Two Templates for Contacting Important People and Learning from Them

perhaps you want an interview with the head of a company or a celebrity, or someone likely too busy to acknowledge you. maybe you’d like to learn how someone did something, or get feedback on a project/business idea with someone seemingly higher up the “chain”.

PERHAPS your e-mailing an owner of a website to ask their feedback on something. (I’m looking at you random e-mailers to check out your info graphic or link to your site)

here are two tactics taken from tim ferris during a Mixergy interview a while back i’ve found useful that enable you to get that information quickly.

the interview, actually quite hilarious as andrew (interviewer) completely and accidentally ends up insulting tim, and having to apologize, recovers expertly and pulls out some awesome business tactics for us to learn from.

small excerpt to peak your interest:

“Tim: I think saying lying and cheating as an introduction is actually extremely unfair of you.

Andrew: Oh, I’m so sorry.

Tim: I don’t know how much alcohol you’ve had.”

ha! anyway, you can listen to that interview through Mixergy Premium here: http://mixergy.com/tim-ferriss-live-interview/

i’ve used these tactics successfully to network, enroll important clients, and reach out to busy individuals. they are useful when you see someone’s success you want to emulate. i’m recording them to this project as i progress and this has now almost becomes natural.

how to pick a brain with nothing to offer

–short e-mail, state who you are, state that you don’t know me, provide a short credibility statement.
–i’m doing X
–i’ve tried a,b,c, methods, here’s credentials
–it would mean the world to me if you could help me out with
—2 VERY short questions
–even if your response is 2 sentences, that would be fantastic

if you get a response, tell them, thanks, i will try this on date X, and get back to you. it should go without saying, you need to have some reason for talking to this person that can provide value to you, and is usually best if readily applicable to an active project or business idea. you can’t simply “think they are smart” (one does not simply walk into mordor) and want to contact them, it becomes obvious your attempt is a “throw away” and not appealing to respond to.

get people to open up by being interested, not being interesting

–short e-mail, state who you are, state you don’t know me, and give a short credibility statement.
–i’m doing X
–express weaknesses that are in the vein of what this person cares about (do your research)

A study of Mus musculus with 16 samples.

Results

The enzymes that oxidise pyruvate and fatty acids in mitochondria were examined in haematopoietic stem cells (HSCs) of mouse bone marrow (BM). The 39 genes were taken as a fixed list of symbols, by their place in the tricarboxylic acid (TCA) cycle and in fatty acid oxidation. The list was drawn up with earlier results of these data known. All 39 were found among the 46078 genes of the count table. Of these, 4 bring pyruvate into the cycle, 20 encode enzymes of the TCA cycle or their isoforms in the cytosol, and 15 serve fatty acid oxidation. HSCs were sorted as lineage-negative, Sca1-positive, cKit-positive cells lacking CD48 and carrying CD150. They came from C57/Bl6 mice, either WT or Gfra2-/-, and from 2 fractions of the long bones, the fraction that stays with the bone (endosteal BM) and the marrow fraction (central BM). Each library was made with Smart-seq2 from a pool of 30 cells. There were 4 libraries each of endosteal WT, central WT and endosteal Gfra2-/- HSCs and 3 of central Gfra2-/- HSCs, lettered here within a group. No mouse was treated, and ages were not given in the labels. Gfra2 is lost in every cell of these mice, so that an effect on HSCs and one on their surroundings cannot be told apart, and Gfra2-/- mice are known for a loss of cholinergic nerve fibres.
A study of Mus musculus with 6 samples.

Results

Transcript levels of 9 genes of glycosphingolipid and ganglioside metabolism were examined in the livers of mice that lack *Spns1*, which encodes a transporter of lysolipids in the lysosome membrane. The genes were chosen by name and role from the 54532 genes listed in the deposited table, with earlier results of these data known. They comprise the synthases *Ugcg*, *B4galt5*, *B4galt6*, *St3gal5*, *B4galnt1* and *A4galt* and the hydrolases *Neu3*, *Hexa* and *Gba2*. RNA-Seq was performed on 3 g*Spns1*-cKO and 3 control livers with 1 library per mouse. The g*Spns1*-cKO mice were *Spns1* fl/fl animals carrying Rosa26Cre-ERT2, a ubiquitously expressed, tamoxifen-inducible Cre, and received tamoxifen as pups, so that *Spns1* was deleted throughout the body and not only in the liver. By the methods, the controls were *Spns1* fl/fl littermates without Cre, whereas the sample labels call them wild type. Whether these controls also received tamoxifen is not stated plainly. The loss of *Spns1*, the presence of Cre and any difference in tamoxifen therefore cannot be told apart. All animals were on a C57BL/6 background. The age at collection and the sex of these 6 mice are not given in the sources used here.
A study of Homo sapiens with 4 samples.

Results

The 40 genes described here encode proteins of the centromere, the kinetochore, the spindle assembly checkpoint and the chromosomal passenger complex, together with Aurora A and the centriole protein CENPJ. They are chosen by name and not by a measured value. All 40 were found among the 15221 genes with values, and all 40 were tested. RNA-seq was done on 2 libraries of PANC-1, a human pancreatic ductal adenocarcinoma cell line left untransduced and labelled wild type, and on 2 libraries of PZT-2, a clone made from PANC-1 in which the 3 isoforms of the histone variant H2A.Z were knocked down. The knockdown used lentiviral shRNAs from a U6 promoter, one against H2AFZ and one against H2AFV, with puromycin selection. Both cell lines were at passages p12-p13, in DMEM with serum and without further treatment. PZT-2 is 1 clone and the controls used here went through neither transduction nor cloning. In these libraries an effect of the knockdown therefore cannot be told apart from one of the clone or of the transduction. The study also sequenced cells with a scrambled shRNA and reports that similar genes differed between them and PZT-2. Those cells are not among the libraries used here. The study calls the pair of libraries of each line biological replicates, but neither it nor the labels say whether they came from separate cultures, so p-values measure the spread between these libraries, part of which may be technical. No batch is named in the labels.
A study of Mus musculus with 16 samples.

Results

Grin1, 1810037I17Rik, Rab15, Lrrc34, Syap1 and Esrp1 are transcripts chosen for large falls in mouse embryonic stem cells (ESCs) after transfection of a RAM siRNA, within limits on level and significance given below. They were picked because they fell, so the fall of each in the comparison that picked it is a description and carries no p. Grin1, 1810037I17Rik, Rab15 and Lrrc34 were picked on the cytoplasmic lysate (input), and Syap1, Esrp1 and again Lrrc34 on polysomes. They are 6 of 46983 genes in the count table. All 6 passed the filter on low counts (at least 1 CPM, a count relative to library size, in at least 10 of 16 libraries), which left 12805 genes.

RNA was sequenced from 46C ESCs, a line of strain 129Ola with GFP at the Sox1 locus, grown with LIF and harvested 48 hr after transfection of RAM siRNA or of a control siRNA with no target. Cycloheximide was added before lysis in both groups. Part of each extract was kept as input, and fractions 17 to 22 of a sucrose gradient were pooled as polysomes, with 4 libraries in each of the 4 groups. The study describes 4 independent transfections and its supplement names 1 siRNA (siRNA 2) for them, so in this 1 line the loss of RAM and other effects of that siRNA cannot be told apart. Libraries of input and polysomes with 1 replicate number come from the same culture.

—open up line “i’m having some real trouble with X, can you offer two lines of response?”

if you get a response, tell them, thanks, i will try this on date X, and get back to you.

this was all part of a bigger question about how to accomplish anything, which is about breaking down processes in the shortest time, (speed learning or assimilating skills and information). a critical part in doing that, is learning from people (using tactics above) who are already superb at what you are trying to accomplish.

breaking down a process for the shortest route from point a to point b

-find the best prototypical example
-talk to those examples, ask them to site the anomalies, the people like you
–go talk to anomalies if i can repeat what they did
—break down what they did to as little as many steps as possible
—-test
—-get better
—–see if you can replicate
——share, teach, train
 
the above makes doing anything sound simple, which i guess in methodology it is, but each of these stages could foreseeably take months or even years.

there they are. take these two templates, stick them in your online notebook, google canned responses, or toutapp and use when needed.

carry on! business updates soon to come on what’s working and not with my online business IT Arsenal, which has steadily albeit slowly, done better and better over the last two years and continually puts me in position to have more freedom and fun.


    Andrew, it was obvious in context that you we’re just making light of all the “haters” who talk trash about Tim but he was caught off guard so it played out weird. I guess since he hears the trash talk for real, there’s a level of mental defense he needs to have “always on”.

    You handled it well, got serious, said sorry and moved on, expertly done. I found the interview incredibly useful and entertaining as evidenced by my own notes! If anything, I think it ups the value!

  • http://mixergy.com Andrew Warner

    So painful to even read that transcript. I was trying to make fun of all the people who put Tim down. I was trying to show absurd it was. I guess it didn’t come out the way I meant for it to.